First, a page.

Building a better Surface Pro 4

The Surface Pro 4 is coming. More accurately, it seems safe to assume that one should be coming soon.

There were only 8 months between the launch of the Surface Pro and the Surface Pro 2. There were only 8 months between the launch of the Surface Pro 2 and the Surface Pro 3. It is now about 8 months since the Surface Pro 3 launched, so…

Rumors about the Surface Pro 4 have circulated pretty much since Microsoft unveiled the Surface Pro 3. They’re starting to gather steam, though, and evolve from rumor to speculation–rumor’s only-slightly-more-credible cousin.

Some expect Microsoft to unveil details of the next-generation Surface Pro tablet at or before its Build developer conference in San Francisco at the end of April. There is also speculation that the new tablet won’t actually be available until fall to coincide (and probably come pre-loaded) with Windows 10.

Regardless of timing, I think it’s fair to assume a new Surface Pro tablet will come along eventually. What features or benefits do you think Microsoft should include in the Surface Pro 4. Give us your opinion with this very short survey:

Are you looking forward to the Surface Pro 4? Do you plan to buy one, or consider the next-generation Surface tablet for your next PC purchase? Share your thoughts about the Surface Pro line, and what you wish for or expect from a Surface Pro 4 in the comments below.

1 thought on “Building a better Surface Pro 4”

  1. I know this is an older post, but I have a few theories (which have been further solidified as a result of the Surface 3 rumors now circulating).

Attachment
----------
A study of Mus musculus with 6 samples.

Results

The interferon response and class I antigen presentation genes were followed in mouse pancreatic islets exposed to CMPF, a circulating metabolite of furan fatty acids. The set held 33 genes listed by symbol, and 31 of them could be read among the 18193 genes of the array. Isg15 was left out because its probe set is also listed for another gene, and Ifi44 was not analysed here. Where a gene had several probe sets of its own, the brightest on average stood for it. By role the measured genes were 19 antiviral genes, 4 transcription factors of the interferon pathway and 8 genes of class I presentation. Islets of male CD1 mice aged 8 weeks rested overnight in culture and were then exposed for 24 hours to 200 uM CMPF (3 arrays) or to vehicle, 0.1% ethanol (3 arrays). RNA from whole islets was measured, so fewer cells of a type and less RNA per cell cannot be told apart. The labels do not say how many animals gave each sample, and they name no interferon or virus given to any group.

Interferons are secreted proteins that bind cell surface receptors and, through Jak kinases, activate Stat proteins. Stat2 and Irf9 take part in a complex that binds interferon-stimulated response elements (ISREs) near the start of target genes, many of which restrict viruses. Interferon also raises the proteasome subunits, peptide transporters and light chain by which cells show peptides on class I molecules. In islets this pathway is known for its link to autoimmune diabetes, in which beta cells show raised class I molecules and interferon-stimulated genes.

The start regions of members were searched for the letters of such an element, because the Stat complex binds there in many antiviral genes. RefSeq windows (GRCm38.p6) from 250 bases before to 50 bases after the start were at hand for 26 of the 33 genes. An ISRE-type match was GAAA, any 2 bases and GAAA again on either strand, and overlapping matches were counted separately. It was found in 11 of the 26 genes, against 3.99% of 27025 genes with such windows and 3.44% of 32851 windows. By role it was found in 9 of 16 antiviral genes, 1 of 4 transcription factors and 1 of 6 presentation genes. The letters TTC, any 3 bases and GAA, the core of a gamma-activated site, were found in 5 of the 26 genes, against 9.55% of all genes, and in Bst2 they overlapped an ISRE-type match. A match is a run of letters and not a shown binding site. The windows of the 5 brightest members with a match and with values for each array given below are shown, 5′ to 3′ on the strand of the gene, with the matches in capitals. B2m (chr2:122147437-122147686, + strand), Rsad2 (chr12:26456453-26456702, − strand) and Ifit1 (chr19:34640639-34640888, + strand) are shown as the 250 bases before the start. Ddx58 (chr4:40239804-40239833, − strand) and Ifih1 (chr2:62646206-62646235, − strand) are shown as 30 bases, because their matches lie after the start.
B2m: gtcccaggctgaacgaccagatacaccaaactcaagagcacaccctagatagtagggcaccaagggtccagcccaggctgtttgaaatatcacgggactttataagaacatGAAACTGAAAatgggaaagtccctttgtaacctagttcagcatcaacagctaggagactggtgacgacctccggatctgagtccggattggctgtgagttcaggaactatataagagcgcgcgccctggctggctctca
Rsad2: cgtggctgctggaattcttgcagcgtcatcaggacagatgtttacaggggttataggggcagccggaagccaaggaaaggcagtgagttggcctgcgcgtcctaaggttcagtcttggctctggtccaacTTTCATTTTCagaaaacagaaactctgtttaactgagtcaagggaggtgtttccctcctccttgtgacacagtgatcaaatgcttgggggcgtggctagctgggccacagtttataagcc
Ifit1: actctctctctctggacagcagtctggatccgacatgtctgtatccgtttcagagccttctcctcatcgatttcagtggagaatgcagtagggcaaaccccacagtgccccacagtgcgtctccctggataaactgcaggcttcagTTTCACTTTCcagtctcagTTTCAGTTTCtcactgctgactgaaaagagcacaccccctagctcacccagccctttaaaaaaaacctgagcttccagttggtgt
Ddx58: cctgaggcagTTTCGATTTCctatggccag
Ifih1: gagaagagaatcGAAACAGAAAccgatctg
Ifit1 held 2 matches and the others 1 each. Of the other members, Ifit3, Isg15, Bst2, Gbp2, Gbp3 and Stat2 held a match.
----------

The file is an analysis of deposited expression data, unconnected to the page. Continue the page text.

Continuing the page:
Surface Pro was a Ivy Bridge machine (I’m currently using it to type this).
    Surface Pro 2 was Haswell.
    It’s a widely held belief that Surface Pro 3 was originally intended to be a Broadwell-based device, but since Broadwell was delayed severely, the chassis redesign had to be done with a current-generation SoC.

    Now. Knowing that each generation of Surface was designed around having a new SoC, I believe that the Surface Pro 4 will indeed skip Broadwell and go straight to having a Skylake SoC due to the fact that it was originally planned for SP3 to have a Broadwell chip (and, hence, SP4 to have a Skylake chip).

    Would you gimp your new products simply because an older one was weakened due to delays? No! I wouldn’t. If Skylake isn’t delayed, then I believe that SP4 will use that processor.

    With Surface 3 using a Core M/Atom SoC, that should tide over potential consumers with a shiny “new” product to buy until the Surface Pro 4 is fully ready for production with its Skylake processor.

    I’m also hoping that Microsoft will take advantage of USB 3.1 Type C to add more ports to the device, and potentially an improved battery with the increased board space that Skylake SoCs will provide due to having a smaller footprint than Haswell.